Companies must keep employees central to their plans even as they cope with the debilitating effects of the coronavirus pandemic on their operations and bottom lines. The need to do so has been underlined in a series of messages and announcements in recent weeks. These have been timely reminders because businesses cannot hope to thrive in a post-Covid-19 era if the tripartite system suffers a setback now should workers feel disaffected, disgruntled or alienated by quick-fix corporate solutions. Government leaders acknowledge that companies should make an objective assessment of their current situation and how best they can advance their interests.
However, whether businesses choose to pivot, transform themselves or right-size, it is important to make provisions for the well-being of employees, who also are stakeholders and an important resource. Reminders to companies to look after their employees, including through measures such as retraining or redeployment if possible, will resonate with a workforce that is facing an uncertain future. And rather than bemoan a past that has been subverted by the effects of the pandemic, companies must keep focused on the future and how to emerge stronger. Not only will companies benefit from the loyalty of retained workers when the turnaround comes - and there are signs of that happening - but the country also gains from strengthening of societal cohesion.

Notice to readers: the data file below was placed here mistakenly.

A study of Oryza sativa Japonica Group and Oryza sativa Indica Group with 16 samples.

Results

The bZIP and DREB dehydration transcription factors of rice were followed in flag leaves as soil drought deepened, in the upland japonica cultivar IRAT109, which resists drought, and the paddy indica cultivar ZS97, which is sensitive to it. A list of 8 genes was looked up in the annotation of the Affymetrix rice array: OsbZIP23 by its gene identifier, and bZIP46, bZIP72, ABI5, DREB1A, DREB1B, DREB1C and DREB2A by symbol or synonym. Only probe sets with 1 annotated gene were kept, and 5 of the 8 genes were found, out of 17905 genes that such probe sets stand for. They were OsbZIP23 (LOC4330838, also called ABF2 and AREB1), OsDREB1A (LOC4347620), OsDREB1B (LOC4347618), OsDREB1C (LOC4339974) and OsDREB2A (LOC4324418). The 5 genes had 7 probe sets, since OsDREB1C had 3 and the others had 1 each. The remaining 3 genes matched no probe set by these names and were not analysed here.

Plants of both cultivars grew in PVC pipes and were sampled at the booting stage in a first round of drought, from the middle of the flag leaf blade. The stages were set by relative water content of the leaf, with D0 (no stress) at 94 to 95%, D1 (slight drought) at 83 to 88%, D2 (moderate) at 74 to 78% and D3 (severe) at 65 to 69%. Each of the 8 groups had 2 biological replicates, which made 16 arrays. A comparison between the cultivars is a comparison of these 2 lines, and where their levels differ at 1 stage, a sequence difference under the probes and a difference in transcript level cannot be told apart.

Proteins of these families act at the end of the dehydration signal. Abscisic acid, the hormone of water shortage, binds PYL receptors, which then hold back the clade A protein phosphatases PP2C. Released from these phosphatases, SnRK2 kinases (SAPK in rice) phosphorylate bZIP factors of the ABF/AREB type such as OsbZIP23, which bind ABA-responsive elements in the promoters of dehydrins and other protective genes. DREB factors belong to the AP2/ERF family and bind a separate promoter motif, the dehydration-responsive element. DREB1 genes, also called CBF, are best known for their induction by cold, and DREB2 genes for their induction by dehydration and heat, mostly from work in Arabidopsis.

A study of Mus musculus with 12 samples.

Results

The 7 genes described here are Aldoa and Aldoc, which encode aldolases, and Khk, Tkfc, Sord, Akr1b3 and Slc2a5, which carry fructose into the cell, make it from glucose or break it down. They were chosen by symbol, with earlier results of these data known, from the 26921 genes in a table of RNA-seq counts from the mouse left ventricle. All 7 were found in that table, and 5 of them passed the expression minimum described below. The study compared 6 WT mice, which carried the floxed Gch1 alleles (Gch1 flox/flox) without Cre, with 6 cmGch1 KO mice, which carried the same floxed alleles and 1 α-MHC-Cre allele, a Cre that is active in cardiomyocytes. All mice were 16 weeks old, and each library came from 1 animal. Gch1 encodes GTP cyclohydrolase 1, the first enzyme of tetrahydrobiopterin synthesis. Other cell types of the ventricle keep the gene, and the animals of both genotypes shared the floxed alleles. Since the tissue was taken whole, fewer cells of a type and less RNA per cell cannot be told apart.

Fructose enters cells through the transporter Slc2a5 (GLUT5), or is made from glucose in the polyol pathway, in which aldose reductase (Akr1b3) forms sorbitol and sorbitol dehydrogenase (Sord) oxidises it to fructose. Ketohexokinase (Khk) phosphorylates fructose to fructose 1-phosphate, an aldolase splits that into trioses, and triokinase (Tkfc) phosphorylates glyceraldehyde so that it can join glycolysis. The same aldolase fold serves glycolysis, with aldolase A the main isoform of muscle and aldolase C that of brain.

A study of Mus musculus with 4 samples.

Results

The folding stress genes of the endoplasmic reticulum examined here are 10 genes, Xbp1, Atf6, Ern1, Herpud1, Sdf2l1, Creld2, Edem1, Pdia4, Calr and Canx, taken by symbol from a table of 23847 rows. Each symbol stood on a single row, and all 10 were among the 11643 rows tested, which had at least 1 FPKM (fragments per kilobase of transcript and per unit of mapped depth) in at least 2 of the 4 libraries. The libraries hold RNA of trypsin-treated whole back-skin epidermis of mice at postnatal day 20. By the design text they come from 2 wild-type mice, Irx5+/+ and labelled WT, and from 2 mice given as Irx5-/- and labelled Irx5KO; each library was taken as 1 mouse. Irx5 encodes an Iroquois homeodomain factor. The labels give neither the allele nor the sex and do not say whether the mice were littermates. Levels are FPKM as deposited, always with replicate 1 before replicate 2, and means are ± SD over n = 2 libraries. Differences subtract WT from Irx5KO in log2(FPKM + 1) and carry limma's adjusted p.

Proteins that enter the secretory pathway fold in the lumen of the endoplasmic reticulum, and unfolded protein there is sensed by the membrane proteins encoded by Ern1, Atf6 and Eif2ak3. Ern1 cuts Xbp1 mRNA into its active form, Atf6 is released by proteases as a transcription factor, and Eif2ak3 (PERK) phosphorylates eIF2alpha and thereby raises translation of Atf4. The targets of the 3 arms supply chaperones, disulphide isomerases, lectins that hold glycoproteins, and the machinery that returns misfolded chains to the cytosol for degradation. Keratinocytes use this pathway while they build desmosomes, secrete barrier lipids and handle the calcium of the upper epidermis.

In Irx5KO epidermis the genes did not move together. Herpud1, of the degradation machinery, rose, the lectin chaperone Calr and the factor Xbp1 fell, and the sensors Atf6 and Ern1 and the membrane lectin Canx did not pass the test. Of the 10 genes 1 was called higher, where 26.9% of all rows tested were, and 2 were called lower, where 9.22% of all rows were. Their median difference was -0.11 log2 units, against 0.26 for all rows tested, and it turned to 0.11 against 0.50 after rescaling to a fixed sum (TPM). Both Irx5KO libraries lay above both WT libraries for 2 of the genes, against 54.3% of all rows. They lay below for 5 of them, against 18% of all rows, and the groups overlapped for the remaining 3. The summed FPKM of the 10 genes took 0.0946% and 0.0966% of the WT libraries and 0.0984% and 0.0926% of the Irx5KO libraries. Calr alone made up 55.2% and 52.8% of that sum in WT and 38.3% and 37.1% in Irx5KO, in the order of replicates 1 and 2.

The Government, on its part, has been paying attention to the needs of workers in broad areas during the downturn. To better protect them from infectious diseases and workplace accidents, for instance, the Manpower Ministry is working closely with bosses and building owners on managing risks and staying vigilant. Workers are also receiving better mental health support, with a free online assessment tool iWorkHealth to be launched early next year to help employers identify sources of work stress. Along with ameliorative moves such as this, employers face punitive measures if they treat workers' rights lightly.
This was seen in how more employers were being investigated for possible discriminatory hiring practices. The Tripartite Alliance for Fair and Progressive Employment Practices investigated about 260 such cases in the first half of this year, 60 per cent more than in the same period last year. About 90 employers had their work pass privileges suspended eventually due to discriminatory hiring practices as at August this year. Vigilance in investigating discriminatory practices and taking errant employers to task play an important role in upholding labour's trust in a tripartite system that has seen Singapore through bad economic times and periods of growth - from which companies have benefited substantially. Taking care of workers now is a way for firms to take care of themselves in the future.